Saturday’s 30-16 win was the first for North Carolina Central over North Carolina A&T in Greensboro since 2015. It was also the first game since A&T, a founding member of the MEAC along with NC Central, became a member of the Coastal Athletic Association (CAA). Oliver admitted that any non-conference win is treasured.
“We as a MEAC and I’m sure all the coaches on this call, we want to hold it down for our conference,” Oliver said. “So whenever we get an opportunity play somebody non-conference, you know, it means a lot for us, whether it’s a SWAC opponent, CAA or Big South, whomever it is, and you know how it affects recruiting.”
The CAA has been known as one of the top conferences in the FCS for years. NCCU matched up against three current CAA teams in 2022, beating New Hampshire on the road while splitting with North Carolina A&T and Campbell, who were both in the Big South last year before flipping over to the league formerly known as the Colonial Athletic Association. It will play three games total against CAA competition this year, facing Elon in Burlington and hosting Campbell at O’Kelly-Riddick Stadium.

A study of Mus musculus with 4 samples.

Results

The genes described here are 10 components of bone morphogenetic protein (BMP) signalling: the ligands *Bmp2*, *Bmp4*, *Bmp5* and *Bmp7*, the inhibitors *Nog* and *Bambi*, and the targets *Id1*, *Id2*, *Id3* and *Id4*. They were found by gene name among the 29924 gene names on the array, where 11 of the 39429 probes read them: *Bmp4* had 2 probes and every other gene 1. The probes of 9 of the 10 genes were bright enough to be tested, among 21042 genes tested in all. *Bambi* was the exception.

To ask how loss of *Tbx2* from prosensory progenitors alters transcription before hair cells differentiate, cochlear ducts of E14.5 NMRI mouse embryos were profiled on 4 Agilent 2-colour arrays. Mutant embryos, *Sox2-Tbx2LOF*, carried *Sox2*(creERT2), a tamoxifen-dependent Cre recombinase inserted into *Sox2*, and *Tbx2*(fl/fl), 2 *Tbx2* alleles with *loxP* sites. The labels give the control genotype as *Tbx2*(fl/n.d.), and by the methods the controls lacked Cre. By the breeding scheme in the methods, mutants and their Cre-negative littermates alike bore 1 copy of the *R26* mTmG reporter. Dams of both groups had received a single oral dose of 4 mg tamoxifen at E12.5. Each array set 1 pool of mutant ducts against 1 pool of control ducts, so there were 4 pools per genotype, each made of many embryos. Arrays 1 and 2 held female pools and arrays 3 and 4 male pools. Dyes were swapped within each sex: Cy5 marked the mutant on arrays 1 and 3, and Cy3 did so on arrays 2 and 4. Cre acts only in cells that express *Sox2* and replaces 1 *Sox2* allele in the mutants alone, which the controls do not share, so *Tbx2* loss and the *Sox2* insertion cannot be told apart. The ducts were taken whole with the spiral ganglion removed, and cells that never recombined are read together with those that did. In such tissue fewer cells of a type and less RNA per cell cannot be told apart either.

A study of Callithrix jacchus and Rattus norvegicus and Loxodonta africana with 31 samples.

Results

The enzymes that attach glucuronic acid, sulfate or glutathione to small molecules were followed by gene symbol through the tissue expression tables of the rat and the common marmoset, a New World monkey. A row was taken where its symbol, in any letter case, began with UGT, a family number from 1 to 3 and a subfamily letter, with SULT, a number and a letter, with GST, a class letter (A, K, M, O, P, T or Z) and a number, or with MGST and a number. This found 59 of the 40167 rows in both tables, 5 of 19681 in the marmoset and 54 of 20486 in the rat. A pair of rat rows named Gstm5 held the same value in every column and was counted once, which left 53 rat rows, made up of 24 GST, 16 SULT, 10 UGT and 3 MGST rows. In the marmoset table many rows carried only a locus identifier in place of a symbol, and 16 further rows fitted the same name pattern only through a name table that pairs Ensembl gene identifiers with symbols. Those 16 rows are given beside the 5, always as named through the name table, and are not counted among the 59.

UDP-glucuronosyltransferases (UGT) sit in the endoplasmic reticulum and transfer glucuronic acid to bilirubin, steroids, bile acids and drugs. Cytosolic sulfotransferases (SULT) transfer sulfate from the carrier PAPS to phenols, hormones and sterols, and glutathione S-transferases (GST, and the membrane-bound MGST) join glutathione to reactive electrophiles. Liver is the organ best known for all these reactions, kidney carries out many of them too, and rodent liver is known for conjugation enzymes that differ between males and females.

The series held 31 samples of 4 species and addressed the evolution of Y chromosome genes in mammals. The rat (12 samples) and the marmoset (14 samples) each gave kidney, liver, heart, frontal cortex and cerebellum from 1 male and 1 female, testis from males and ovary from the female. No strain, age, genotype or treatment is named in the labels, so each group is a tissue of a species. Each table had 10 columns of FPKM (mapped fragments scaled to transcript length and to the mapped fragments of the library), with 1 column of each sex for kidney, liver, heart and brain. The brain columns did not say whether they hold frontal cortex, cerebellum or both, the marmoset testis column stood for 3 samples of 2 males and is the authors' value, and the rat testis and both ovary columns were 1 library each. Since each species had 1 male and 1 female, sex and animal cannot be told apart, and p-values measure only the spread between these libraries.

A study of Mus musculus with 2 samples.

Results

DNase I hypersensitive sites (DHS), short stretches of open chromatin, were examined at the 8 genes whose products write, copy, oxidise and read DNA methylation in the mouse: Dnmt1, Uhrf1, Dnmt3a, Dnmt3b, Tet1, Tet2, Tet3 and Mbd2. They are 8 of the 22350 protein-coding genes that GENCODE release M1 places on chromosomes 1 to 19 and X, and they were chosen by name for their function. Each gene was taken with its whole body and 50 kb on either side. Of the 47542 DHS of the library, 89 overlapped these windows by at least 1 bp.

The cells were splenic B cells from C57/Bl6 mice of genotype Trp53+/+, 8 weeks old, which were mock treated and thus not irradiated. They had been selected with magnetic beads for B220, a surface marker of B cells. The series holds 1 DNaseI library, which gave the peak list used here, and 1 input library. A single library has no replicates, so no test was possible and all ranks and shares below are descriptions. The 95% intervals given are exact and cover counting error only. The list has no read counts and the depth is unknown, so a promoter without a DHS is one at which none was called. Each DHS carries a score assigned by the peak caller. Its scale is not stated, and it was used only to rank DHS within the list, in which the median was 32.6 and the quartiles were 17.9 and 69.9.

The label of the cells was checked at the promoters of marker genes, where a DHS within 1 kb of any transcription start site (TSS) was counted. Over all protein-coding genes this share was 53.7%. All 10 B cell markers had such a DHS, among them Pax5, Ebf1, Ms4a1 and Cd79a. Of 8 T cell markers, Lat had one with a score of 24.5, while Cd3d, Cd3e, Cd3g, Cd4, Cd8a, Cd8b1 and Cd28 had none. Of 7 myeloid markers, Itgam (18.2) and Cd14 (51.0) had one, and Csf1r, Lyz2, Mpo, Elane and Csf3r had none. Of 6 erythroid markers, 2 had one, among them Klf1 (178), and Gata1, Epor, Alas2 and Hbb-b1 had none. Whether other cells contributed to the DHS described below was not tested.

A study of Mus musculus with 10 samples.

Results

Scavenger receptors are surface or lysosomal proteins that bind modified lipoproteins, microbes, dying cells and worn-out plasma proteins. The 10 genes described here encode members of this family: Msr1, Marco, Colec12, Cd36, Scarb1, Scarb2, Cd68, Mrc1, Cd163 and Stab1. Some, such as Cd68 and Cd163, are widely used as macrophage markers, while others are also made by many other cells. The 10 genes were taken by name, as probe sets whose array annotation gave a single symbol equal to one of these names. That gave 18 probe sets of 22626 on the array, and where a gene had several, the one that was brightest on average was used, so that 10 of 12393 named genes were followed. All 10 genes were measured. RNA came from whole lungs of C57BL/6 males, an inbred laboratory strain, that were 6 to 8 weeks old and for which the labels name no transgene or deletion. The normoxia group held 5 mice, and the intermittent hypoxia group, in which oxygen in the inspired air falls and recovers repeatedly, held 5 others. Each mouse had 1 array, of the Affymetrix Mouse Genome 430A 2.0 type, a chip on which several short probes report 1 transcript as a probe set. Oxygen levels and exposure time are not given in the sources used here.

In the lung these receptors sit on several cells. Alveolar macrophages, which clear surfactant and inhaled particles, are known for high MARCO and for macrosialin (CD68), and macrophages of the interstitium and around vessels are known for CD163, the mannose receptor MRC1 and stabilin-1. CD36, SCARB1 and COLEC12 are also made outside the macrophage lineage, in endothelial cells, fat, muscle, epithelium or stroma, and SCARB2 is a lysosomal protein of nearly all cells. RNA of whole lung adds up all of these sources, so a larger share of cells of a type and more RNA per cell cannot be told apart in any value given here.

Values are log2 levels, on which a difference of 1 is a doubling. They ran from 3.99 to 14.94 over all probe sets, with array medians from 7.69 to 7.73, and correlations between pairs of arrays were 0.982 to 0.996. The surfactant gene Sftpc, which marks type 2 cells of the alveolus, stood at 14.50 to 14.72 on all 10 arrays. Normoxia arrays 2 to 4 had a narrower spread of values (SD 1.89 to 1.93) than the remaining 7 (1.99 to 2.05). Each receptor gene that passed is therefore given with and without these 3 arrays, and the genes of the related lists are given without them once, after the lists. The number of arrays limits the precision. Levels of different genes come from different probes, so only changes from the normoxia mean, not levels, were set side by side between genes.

“The CAA is a great conference and they have a lot of top 25 teams,” Oliver noted. “But whenever we have an opportunity to play out of conference, I definitely love doing that because obviously when you beat those teams, it helps you with your national ranking.”
But make no mistake about it — beating a program that is not only the program’s oldest rival but also left the MEAC two years ago was a feather in the cap for the conference and the Eagles. And Oliver made sure to highlight that.
“With what you saw Saturday night in that stadium, they’re not going to have crowds like that except for homecoming, you know,” Oliver said. “So if you want to come play in a type of environment like that, if you want to come play in classics, the Circle City, the Magic City, whatever the case may be, the SWAC and the MEAC are where you need to be — they not going to be doing all that in the CAA.”
Quickly becoming known for his quirky, sometimes dry sense of humor, Oliver shared an anecdote from Saturday’s game that summed up some of the cultural differences between the current home of North Carolina A&T football and its previous one.
“It’s funny, the referees came to me talking about they don’t mind the bands playing while the ball is in play. That’s the CAA. That’s never been an issue,” Oliver said with a grin. “I said, Man, they play piccolos and flutes in that conference. They don’t have 100 tubas like our bands are going to have. But you know, it’s a different dynamic.”